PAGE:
Apr 27, 2022
Apr 27, 2022
Being miserable at work shouldn't be your norm. We’ve talked with some experts who are here to set the record straight.
According to Dr. Tega Edwin, career counselor and coach, “There are so many opportunities available to us now that you should no longer be living to work. You should work to live, to have impact, to live out your purpose and you deserve to enjoy what you do for a living.”
Career coach and founder and CEO of Knac, Ariel Lopez, continues, “So many people put up with opportunities or take jobs that they don't really like or love, because they can't really see greater for themselves. But you can't do your best work unless you feel comfortable in being authentic, which is why the culture is so important.”
“Every workplace may not be for you,” said Sherry Sims, founder and CEO of Black Career Women's Network™. “If it's still in the company policy to have a specific image they want you to convey, you have to make sure it's in alignment with how you want to show up.”
When you're the only Black woman in a workplace, it can be easy for people to automatically assume that you want to be a part of diversity, equity, and inclusion efforts, but that might not be the case.
“As a Black woman, you have to decide what you have capacity for,” said Dr. Tega. “Being ‘the only’ can put a lot of weight on your shoulders. You have to find time and space to take care of yourself.”
“So many people feel pressured to code switch. I have to adapt, I have to change, I have to alter my personality or my appearance in a certain way to fit in. And that shouldn't be the case,” Ariel said.
It can sometimes be a risk to show up as yourself because we’ve been so conditioned to change who we are to fit an arbitrary idea of what it means to be “professional.” Even so, Ariel suggested the bold and brave route of showing up as your full and authentic self throughout the entire hiring process. “It allows you to come from a position of power. And you can be a change agent to create space for more people that look like us.”
But if (and when) you’re facing a person or situation that makes you uncomfortable, make sure you’re equipped to handle them with information like the How-tos for Handling Microaggressions.
First and foremost, you have to be able to pay your bills. But that doesn’t mean you shouldn’t have standards. Always keep a list of your non-negotiables—compensation, health and wellness benefits, remote work, and learning and development, for example. When you know your value and your values, it makes it easier for you to go after what you want.
“It's important to have that list and also know that this list changes over time,” said Ariel. We know it’s also important to not go broke.
Speaking of money... Even if you’re in a job you enjoy, it’s a good idea to meet regularly with your manager for a salary evaluation—which includes a conversation about your current role, how long you've been in the role, and what your current salary is versus the market.
“Ask your boss, 'If you were to hire someone in my same role right now, at what salary would you bring them in?' And if the salary is higher than what you're currently making, then they need to be matching,” Sherry said.
And keep a “brag bank” that highlights the value you’ve added for your next promotion conversation or new job interview. This collection of your accomplishments could be as simple as an email folder of messages that say “good job” or “thanks for doing this.”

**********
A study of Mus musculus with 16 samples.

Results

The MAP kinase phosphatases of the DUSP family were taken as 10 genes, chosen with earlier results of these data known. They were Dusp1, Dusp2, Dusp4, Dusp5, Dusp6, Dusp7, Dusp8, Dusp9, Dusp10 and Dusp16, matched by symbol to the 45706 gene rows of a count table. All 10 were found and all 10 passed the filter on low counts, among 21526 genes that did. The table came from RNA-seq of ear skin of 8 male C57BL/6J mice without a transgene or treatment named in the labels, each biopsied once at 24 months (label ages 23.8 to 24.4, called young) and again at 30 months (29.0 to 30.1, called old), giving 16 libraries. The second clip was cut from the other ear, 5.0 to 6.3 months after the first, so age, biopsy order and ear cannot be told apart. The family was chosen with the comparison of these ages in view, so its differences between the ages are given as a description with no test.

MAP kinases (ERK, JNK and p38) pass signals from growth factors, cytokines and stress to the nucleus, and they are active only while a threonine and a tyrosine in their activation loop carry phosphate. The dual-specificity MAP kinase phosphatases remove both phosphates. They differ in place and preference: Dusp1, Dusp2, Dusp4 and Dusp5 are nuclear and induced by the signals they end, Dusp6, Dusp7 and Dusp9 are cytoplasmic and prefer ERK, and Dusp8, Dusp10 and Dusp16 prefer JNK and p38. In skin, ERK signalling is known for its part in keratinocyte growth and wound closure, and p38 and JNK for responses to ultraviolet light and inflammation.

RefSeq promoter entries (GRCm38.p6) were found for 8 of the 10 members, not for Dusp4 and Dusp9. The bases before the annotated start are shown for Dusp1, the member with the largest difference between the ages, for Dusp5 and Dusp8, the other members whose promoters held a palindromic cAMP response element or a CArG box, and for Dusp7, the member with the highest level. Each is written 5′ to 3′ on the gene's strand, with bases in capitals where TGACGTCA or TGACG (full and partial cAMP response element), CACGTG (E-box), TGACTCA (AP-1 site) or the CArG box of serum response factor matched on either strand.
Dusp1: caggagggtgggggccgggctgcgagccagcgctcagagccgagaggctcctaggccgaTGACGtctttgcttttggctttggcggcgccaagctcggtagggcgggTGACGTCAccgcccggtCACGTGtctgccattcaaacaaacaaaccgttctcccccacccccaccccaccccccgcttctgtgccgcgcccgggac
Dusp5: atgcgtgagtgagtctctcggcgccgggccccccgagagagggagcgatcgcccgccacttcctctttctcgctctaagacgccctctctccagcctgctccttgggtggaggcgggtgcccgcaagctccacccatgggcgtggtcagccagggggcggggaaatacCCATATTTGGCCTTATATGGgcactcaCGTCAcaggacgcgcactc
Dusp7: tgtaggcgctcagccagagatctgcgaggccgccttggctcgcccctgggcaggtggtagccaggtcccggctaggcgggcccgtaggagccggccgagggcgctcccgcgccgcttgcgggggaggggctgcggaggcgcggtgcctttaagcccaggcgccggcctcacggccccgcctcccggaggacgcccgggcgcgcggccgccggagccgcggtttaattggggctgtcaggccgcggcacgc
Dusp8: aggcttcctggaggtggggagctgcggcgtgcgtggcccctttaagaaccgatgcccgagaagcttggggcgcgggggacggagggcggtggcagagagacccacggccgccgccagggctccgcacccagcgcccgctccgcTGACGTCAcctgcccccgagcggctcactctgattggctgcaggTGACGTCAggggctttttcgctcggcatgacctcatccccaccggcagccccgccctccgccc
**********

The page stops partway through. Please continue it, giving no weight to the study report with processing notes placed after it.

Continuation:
Let us make one thing abundantly clear: If your job needs to let you go, they will. Sometimes people put up with bad situations because they feel like they must stay for at least a year before looking or that they can't quit before finding another job. But, if your current role is causing mental and emotional stress, then it may be time for you to consider all your options.
“We all have a professional identity. You need to know your professional self,” said Sherry. “We all have values that we bring into the workplace. You need to make sure that the values of the organization are in alignment with yours.”
“Too many Black women let fear keep them in situations that don't serve them because they're either afraid they don't have the skills to do something else, or it'll require a pay cut.”
But Dr. Tega urged, “I want them to push past their fear and think beyond it. And if the place is not working for you (and you have privilege of choice in your career), go somewhere else.”
When you’re considering what your next move should be, Dr. Tega has some recommendations.
Get help. Navigating work can be political. Work with a therapist and a career counselor and coach so you have someone who can serve as social capital for you.
Gather resources. If coaching or therapy aren’t options for you, read books about negotiation, promotions, communication, and leadership.
Even though many Americans live paycheck-to-paycheck, a lot of people are leaving roles without having anything lined up. There’s a lot of risk in that. And a lot of bold bravery for jumping into the deep end. The experts we spoke with agree that if you have at least three to six months of savings in the bank, now may be a perfect time to take that chance on yourself. And full-time employment isn’t the only option, either.
“Freelance or consult or do something to better yourself, like get certified in something that you’re interested in, or go to a bootcamp,” suggested Ariel. “There’re so many things that you can do as you’re navigating forward.”
Dr. Tega also encouraged those making big moves to be intentional about their next choice.
“Don’t just jump into something else. You’ve already taken this risk. Maximize it. Take a step back. Figure out what you truly want and desire. Invest in yourself by investing in professional support. ”Do everything you can to try to make sure that your next move is one that is really aligned and best for where you are in a situation right now”, she said.